For Tim Hudson, Tuesday night was a night that will be with him always. It ended with him waving to the roaring crowd at Turner Field in Atlanta.
Hudson earned his 200th major league win as the Atlanta Braves beat the Washington Nationals 8-1. He hit an opposite-field home run just over the fence in right. He became the first former SEC pitcher to win 200 major league games – 105 with the Braves and 95 with Oakland Athletics.
And a remarkable journey continued.
When Auburn baseball coach Hal Baird signed Hudson out of Chattahoochee Valley Community College in 1995, he wasn’t sure he was getting.
Hudson was a junior college All-American outfielder, but could he hit Southeastern Conference pitching? Baird was getting a pitcher who had dominated at Glenwood School in Phenix City and at Chattahoochee Valley, but he could he get SEC hitters out?
Hudson, at 6-foot-1 and 160 pounds, didn’t look the part. He wasn’t highly recruited.
“We had some questions about those numbers,” Baird says. “We didn’t have questions for long.”
After Baird helped him develop a split-finger fastball, Hudson became the most dominant pitcher and the best all-around player in college baseball.
“His first two or three outings weren’t particularly good,” Baird says. “We tried to do a couple of things, and the splitter was part of it. We lowered his arm angle. He was so athletic that he picked those things up immediately.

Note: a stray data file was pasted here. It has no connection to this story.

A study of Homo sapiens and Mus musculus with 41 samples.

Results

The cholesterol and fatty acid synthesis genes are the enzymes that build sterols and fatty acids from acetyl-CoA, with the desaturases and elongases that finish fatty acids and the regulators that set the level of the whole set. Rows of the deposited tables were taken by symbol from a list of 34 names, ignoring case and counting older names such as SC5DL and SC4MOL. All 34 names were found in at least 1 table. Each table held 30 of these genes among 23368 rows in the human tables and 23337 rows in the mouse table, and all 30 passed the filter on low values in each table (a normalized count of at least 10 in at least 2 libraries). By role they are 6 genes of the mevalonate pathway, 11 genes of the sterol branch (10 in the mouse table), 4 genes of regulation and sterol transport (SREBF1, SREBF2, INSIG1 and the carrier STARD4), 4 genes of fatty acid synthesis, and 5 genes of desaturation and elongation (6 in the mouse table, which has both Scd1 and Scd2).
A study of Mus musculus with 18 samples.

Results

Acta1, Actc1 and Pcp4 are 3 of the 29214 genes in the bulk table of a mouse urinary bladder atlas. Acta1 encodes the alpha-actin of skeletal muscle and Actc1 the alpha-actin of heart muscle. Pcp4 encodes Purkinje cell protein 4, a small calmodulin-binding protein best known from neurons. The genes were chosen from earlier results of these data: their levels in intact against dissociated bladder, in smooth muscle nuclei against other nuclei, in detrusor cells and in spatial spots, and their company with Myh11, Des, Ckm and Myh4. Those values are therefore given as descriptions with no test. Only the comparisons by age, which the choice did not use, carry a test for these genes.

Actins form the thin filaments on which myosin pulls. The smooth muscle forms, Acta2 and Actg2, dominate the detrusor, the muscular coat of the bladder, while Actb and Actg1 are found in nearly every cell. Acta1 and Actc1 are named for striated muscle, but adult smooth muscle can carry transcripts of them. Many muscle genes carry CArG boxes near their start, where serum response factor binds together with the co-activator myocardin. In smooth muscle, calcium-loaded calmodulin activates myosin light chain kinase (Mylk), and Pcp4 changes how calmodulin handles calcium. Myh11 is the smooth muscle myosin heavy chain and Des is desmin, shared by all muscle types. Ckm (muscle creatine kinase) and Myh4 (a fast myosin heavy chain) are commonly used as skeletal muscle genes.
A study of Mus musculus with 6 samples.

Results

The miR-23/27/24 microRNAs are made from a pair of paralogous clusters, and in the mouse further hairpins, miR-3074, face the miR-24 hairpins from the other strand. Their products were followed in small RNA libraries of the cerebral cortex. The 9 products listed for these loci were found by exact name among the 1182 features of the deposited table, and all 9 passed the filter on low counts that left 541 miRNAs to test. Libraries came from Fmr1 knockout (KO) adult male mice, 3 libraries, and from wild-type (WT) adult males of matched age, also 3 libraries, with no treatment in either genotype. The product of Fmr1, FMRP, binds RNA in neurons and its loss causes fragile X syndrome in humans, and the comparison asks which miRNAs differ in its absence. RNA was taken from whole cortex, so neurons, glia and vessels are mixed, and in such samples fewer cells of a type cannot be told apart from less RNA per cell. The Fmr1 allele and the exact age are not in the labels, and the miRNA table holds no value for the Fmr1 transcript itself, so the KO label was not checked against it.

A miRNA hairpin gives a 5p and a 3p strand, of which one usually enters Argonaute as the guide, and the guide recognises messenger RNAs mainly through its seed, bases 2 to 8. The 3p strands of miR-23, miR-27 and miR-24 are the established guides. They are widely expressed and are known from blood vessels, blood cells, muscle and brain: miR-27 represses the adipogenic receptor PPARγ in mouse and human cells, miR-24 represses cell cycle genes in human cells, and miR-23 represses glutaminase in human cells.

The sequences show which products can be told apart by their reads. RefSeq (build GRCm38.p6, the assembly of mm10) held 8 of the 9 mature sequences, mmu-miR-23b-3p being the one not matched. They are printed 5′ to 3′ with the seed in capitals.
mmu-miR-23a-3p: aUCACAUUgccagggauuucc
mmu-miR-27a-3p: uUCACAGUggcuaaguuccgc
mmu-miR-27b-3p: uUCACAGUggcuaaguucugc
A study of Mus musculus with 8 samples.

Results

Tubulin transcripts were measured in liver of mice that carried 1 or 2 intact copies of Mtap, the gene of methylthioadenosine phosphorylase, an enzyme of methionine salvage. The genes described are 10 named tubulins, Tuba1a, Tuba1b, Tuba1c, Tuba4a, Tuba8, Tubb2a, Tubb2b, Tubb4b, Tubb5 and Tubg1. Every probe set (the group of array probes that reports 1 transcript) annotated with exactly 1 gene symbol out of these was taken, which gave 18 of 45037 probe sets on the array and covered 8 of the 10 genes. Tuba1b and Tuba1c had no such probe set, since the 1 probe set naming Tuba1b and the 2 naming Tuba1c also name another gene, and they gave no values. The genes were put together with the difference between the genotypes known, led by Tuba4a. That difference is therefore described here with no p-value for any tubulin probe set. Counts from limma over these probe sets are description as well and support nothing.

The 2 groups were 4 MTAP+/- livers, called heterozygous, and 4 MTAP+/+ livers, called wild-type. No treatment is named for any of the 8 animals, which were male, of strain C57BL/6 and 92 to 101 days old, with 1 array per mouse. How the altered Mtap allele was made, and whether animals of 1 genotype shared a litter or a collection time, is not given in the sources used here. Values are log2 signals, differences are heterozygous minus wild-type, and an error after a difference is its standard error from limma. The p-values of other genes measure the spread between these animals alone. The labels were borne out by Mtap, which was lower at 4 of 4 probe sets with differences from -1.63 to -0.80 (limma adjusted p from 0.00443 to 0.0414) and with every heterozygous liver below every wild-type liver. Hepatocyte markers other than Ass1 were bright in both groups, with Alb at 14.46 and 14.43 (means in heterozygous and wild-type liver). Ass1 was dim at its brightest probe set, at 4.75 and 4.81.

“From that point on, he only got hit hard one time in two seasons. His senior year, he really didn’t get hit at all.”
In 1997, Hudson was 15-2 with a 2.97 ERA. He hit .395 with 18 home runs and drove in 95 runs. And when he wasn’t pitching, he played centerfield like few in the college game. He led Auburn to the College World Series and won the Rotary Smith Award as the nation’s top player.
“In my mind, that’s the greatest single year any college baseball player ever had when you look at it in total,” Baird says. “It truly was a remarkable season. I’ve never seen anything like it. He was so good at all of it. He was our best pitcher, our best hitter and our best outfielder. He was the most versatile player we ever had.”
In college and in the major leagues, Hudson has been immensely popular with his teammates. On the field, he has been a study in intensity.
“I wanted to be a winner,” Hudson says. “I wanted to be the best. If you want success, you have to be intense. It helps you get through games when you aren’t at your best.”
Through it all, Hudson has been the same class act he was when he arrived at Auburn as relative unknown junior college transfer. He and his wife, Kim, have given their time and their money to help those less fortunate. They formed the Hudson Family Foundation that is “committed to making a positive and long lasting impact in the lives of children who have a genuine need for assistance with regard to a specific physical, emotional or financial circumstance.”
Hudson and Kim live in Auburn with their daughters Kennedie and Tess and their son Kade. They are intensely loyal to their alma mater and their community, giving of themselves and their resources.
“He’s as good a person as he is a player,” Baird says. “He’s a terrific representative of Auburn University.”